RAMALLAH: Palestinian medical teams have raised their state of readiness to maximum following recent Israeli military measures which include blockades, checkpoints, incursions and violent crackdowns imposed on Nablus, Jenin and other West Bank cities.
Vacationing doctors and nurses have been told to be ready to return to work if they are required.
A senior doctor at the Palestinian Ministry of Health told Arab News: “We have asked all medical staff to be at the highest levels of readiness to respond to any emergency, and we have provided surgery rooms and supplied them with the materials and medical equipment they need, along with boosting the specialized cadre.”
He added that bullet injuries caused by Israeli soldiers are more severe this time around than during the second intifada (uprising), in which 6,000 Palestinians were killed and more than 20,000 wounded.
He said Israeli troops are aiming at the upper parts of bodies, such as the head and chest.
Journalists and photojournalists have started wearing anti-tear gas masks. They are also displaying press signs on their vehicles and using bulletproof vests.
Duha Asous, a farmer from Burin village, told Arab News that she has started storing food and gas cylinders as she cannot reach Nablus, 7 km away, due to the Israeli closure.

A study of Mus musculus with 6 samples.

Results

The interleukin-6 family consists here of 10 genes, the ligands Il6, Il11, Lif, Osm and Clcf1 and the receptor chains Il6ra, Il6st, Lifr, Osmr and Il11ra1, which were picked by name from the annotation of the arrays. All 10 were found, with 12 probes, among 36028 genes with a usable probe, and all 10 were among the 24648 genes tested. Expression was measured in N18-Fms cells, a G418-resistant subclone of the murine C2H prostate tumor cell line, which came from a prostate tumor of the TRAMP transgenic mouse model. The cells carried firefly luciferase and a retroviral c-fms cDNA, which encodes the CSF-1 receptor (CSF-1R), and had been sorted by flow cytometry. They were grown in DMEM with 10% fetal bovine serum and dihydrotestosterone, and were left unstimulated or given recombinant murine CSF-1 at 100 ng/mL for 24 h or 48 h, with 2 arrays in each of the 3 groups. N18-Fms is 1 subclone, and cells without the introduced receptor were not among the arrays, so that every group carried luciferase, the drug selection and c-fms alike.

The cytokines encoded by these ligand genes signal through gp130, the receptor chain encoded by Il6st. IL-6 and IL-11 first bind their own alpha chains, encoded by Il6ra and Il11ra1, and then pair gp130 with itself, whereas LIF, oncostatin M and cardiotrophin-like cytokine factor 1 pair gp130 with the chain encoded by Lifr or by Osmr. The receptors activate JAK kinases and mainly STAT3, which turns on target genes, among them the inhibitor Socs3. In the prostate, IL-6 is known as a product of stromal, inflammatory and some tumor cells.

Asous said she is more worried about her son, a bus driver in a region that sees almost daily protests and clashes between the Palestinians and the Israeli army.
She added that many of her friends and relatives have either postponed their children’s weddings or downsized them in the wake of Palestinian deaths in neighboring areas.
Muna Musa, 20, a student at An-Najah National University in Nablus, told Arab News that she walked 7 km to reach her classes last week after a military checkpoint stopped her vehicle. The university has now gone back to online teaching, as was the case during the coronavirus pandemic.
Many students have left dorms and returned to their cities in the West Bank following the deterioration of the security situation and Israeli incursions.
Musa said: “Students from outside Nablus are thinking of not coming to the university because of the feeling of insecurity.
“The last time I came back from my university, I waited two hours at a checkpoint, then took a detour. Later, my family came to take me home in their vehicle.”
Ahmed Zawahreh, a minibus driver on the Bethlehem to Ramallah route, told Arab News his 45-minute journey now takes two hours because of Israeli checkpoints and ID checks.
Zawahreh, who is one of 40 drivers on the route, said he and his colleagues kept in touch and informed each other of checkpoint issues on a WhatsApp group.
Groups on Facebook and Telegram also keep people up to date about congestion at checkpoints.
Mahmoud Barham, mayor of Beita, southeast of Nablus, told Arab News that there are eight military checkpoints at city entrances which prevent the movement of citizens.
He added: “Only grocery stores, butchers and bakeries are operating normally, while the rest of the commercial interests have been greatly affected.”